WORCESTER, Mass. Guy DuBois, the creative accountant who first brought the principles of Absurdism to the traditionally-staid realm of double-entry bookkeeping, died yesterday after a brief illness at the Fagerquist Senior Living Center here. He was 76.
Tomb of the Unknown Accountant, Waukegan, Illinois
“Guy really opened up a lot of new vistas for CPAs who felt constrained by generally accepted accounting principles consistently applied,” said Norman Taussig of the National Museum of Accounting in Waukegan, Illinois. “He’d add a zero to a column of numbers just for the hell of it, or insert some ribald nonsense into a footnote–he was quite a card.”
The invention of double-entry bookkeeping in early-medieval Egypt is generally cited as the origin of accounting in the profession’s “creation myths,” according to CPA-historian Norbert Dwinnell. “Double-entry bookkeeping was fine in its time,” says Dwinnell, “but Guy looked at the crazy world around him and said ‘Why not triple or even quadruple-entry bookkeeping?’ That’s the kind of visionary he was.”
Early Absurdist calculators.
“Absurdism” refers to a philosophy that examines the conflict between the human tendency to seek meaning in life and the inability to find the same in an irrational universe. “At some point you have to abandon the search for meaning,” DuBois told a plenary session of the American Institute of Certified Public Accountants at their 2015 annual convention. “I looked for years, and the closest I came to finding it was a rest stop along Interstate I-70, near Concordia, Missouri, which is just absurd.”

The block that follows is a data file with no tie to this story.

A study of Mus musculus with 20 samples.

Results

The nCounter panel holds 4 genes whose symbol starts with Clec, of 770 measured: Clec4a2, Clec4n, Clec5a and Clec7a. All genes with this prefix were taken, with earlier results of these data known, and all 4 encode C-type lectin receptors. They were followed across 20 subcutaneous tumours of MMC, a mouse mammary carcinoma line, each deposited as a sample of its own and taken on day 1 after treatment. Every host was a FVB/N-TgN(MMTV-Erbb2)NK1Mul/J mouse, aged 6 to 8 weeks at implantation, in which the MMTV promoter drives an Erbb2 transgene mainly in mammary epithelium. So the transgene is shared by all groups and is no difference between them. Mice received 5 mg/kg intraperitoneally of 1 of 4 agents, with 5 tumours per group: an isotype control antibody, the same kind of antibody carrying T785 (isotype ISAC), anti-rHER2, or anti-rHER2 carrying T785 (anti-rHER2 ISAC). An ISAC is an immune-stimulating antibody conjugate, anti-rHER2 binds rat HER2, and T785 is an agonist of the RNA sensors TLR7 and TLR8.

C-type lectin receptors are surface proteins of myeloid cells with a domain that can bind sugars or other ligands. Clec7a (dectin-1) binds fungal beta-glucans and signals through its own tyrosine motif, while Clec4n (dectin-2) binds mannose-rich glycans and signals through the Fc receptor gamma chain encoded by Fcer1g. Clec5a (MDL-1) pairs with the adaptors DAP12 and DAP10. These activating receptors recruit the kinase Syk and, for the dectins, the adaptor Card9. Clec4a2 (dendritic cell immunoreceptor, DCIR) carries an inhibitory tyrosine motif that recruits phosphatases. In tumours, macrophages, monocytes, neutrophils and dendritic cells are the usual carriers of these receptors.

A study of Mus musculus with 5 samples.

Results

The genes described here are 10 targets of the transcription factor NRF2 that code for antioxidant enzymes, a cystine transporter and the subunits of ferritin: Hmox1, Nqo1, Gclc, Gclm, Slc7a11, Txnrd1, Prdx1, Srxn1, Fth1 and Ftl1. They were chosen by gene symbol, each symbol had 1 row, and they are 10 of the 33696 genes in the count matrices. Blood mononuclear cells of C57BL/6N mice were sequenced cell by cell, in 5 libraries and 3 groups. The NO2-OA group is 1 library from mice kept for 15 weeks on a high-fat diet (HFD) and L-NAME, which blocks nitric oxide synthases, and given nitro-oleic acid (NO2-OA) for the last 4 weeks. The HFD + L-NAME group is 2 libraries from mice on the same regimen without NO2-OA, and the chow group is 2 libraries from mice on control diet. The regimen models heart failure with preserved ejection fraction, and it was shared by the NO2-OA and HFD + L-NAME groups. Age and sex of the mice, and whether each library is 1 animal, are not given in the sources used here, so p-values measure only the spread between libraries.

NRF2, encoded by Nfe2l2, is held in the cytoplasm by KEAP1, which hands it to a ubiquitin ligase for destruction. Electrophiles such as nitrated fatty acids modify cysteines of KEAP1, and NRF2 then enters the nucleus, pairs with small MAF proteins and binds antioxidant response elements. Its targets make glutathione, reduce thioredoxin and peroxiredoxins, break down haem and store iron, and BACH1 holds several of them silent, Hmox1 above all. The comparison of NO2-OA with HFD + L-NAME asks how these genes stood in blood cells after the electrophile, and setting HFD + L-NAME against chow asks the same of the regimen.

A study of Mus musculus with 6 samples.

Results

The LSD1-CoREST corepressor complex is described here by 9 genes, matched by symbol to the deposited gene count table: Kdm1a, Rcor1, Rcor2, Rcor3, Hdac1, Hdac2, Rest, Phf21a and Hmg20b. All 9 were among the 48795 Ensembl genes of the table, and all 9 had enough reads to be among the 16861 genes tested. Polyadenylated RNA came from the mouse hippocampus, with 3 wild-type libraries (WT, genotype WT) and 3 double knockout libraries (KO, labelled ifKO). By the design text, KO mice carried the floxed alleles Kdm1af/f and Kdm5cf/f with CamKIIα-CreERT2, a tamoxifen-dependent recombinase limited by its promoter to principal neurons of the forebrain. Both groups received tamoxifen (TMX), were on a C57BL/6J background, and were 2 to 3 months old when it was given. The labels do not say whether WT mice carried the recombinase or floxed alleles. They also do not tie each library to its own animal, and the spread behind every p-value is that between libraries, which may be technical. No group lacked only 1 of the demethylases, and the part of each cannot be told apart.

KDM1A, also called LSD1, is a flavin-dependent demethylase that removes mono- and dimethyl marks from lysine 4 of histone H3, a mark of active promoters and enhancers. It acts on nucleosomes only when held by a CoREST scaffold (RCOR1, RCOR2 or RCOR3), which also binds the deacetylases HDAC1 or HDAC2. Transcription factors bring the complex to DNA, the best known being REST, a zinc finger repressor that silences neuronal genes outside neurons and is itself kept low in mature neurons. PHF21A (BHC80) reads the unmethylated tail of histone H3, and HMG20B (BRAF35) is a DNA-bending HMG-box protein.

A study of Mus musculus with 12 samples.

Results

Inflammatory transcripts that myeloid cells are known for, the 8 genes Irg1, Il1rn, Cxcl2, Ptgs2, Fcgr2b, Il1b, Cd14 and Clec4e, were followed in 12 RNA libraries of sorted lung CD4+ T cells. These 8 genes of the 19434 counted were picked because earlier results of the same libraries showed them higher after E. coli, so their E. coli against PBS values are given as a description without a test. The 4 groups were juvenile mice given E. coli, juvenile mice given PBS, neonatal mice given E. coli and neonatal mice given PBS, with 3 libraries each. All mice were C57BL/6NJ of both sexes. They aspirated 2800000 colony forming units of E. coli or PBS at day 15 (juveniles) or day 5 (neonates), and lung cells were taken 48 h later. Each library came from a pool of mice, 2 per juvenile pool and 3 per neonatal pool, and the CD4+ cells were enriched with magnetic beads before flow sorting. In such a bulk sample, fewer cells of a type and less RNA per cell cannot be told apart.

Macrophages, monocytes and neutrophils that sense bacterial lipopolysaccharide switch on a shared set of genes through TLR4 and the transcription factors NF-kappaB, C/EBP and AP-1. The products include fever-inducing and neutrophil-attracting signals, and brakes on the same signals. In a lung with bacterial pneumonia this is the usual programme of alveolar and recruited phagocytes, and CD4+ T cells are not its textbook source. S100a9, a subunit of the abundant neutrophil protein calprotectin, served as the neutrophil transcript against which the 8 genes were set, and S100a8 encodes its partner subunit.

DuBois is perhaps best known for his audit of Megatron Diversified in 2005, which resulted in the collapse of the largest energy conglomerate in America. “I couldn’t get the debits and credits to match,” he said in subsequent testimony to Congress. “My solar-powered calculator was on the fritz, and quite frankly, Mr. Chairman, my parrot admires your armpit.”
In lieu of flowers, family members request that you hop on one leg and make a noise like your favorite animal.
Available in Kindle format on amazon.com as part of the collection “Fauxbituaries.”